Thus Ends Winter Break

If there was a spectrum to measure activity, let’s say from comatose vegetable to overly adventurous mountaineer, I would have hit almost every point in between over the course of my winter break.  There were days when I slept until noon and proceeded to doze the day away, sprawled across my bed watching movies on my laptop.  There were also days when I woke up at an unreasonably early hour to venture on an adventure.  Most days, though, I worked out at the pool mid-morning with Emma, then spent the afternoon with friends.

One of the highlights of my break included SHAKE’s trip to Travnik.  We traveled about an hour and a half via autobus to this pleasant town in central Bosnia.  While there, we enjoyed coffee (several times), explored the ancient fortress which rose above the city, and ate a very traditional Bosnian lunch.  I scarfed down twelve čevapi (wiki description here) in the time that Savannah ate five, a fact in which I take excessive pride.  It was time to catch the bus back to Sarajevo surprisingly soon, and I slept almost the entire ride home.  Scroll down for some of the photos I shot in this gorgeous town.

I also celebrated my eighteenth birthday here!  That’s right, I’m officially an adult.  I can… vote.  And be responsible for my insurance.  Fun things like that!  In any case, I went to a fancy restaurant with my friends, and when we arrived at the reasonable time of 7 pm we were the only ones in the restaurant.  We got quite the individual attention!  The waiter even took our coats.  The place began to fill up about half an hour later, which relieved the awkwardness of being rather young people in a rather classy environment.  Speaking of class, the food was incredible.  I ate a dish called Serendipity, which was a turkey breast stuffed with feta, cranberries, a finely chopped olive and kohlrabi on top of palenta with a honey-chili sauce on the side (my mother is responsible for my ability to recite my meals down to the sauce flavors.  She has always made her children tell her what we ate every meal when we traveled without her).  IT WAS DELECTABLE.

This week, I returned to school.  Waking up early was definitely an unhealthy experience which I would rather not repeat, but c’est la vie.  I actually prefer a morning-and-daylight schedule to a sleep-until-the-afternoon-and-party-hard one, so it wasn’t too difficult for me.  I also made a new friend today!  I was sitting in the park with friends between classes when I noticed a very sweet-looking dog (it resembled every other mutt I’ve seen- the German shepherd/lab/everything else short-haired mix).  I waved him over to us and started to pet him a little, and when I turned away to continue my conversation he put his paws on my arm and looked at me with his big, brown eyes.  We all started to play with him then, and when we turned away he wriggled through the bench until he was actually sitting between Savannah and me with even his back paws on the bench.  He just kept inching forward until he was off the front of the bench, at which point he stood up and then lay down next to us.  I dubbed him “Django” a) because we had been talking about the new movie Django Unchained and b) because I love Django Reinhardt.  The name stuck, and hopefully Django himself will stick around!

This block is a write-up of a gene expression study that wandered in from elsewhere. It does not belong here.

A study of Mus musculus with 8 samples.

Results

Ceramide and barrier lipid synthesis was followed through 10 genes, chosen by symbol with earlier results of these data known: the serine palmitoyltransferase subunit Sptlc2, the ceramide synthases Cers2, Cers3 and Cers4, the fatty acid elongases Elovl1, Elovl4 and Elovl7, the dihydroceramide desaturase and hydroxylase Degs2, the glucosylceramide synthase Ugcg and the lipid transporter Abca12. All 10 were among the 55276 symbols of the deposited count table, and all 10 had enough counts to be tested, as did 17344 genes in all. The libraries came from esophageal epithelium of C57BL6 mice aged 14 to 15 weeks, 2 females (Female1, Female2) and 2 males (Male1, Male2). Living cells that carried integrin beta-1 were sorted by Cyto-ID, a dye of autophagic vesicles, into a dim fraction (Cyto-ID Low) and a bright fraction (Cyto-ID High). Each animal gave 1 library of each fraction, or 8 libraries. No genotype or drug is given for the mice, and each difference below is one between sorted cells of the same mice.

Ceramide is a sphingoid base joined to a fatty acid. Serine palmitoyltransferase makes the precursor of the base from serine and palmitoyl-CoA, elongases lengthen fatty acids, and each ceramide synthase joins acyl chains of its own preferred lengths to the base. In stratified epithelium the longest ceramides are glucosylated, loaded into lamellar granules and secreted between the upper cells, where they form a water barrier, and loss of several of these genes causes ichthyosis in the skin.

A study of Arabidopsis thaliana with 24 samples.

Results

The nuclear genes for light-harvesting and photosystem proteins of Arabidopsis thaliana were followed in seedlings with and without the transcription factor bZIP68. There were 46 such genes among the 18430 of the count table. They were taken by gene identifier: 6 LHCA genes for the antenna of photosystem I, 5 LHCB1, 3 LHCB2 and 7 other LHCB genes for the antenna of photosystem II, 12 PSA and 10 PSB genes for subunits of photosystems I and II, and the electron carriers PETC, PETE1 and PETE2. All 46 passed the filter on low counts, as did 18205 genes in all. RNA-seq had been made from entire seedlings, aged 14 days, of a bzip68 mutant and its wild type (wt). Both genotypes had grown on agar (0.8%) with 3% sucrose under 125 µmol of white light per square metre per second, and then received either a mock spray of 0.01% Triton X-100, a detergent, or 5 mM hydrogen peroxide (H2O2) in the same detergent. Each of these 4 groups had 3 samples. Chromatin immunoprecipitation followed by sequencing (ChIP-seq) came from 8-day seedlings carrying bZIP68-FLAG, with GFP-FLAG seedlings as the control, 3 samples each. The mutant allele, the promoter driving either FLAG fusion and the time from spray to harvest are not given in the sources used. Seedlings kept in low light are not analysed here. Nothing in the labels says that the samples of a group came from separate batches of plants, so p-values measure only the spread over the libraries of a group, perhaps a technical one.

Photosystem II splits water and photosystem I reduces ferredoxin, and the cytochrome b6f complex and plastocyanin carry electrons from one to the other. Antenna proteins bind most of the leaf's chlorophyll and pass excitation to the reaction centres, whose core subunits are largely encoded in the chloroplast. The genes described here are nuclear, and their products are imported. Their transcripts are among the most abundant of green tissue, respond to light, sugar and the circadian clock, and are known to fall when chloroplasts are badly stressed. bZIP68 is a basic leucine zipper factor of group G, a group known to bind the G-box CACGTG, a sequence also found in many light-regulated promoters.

1. Anna, I read the Wiki description of čevapi; most included pork.
    Do most people/restuarants in that area follow Muslim diets?

    Also, it’s fun that you would name the dog Django – a good friend here in Tennessee has a labrador named Django (after Reinhardt of course).

    1. Hey Uncle David! Čevapčiči is usually made of beef here- and as far as I’m aware, the level of dietary restrictions varies from person to person. I have friends who associate with Islam as more of an ethnic culture and who don’t practice at all, I have friends who eat pork and drink wine but celebrate holidays and occasionally worship, and then some of my friends are very devout and pray five times a day and eat a halal diet. I would say most of the food here is beef and chicken, but I have eaten a lot of Croatian dishes with pork.

  2. “C’est la vie”. I see you’re learning more French as well. On your way to becoming tetralingual? Quadlingual? Whatever floats your boat. :)

    1. Yeah, you know me… Three French phrases, I’m definitely on my way to fluency!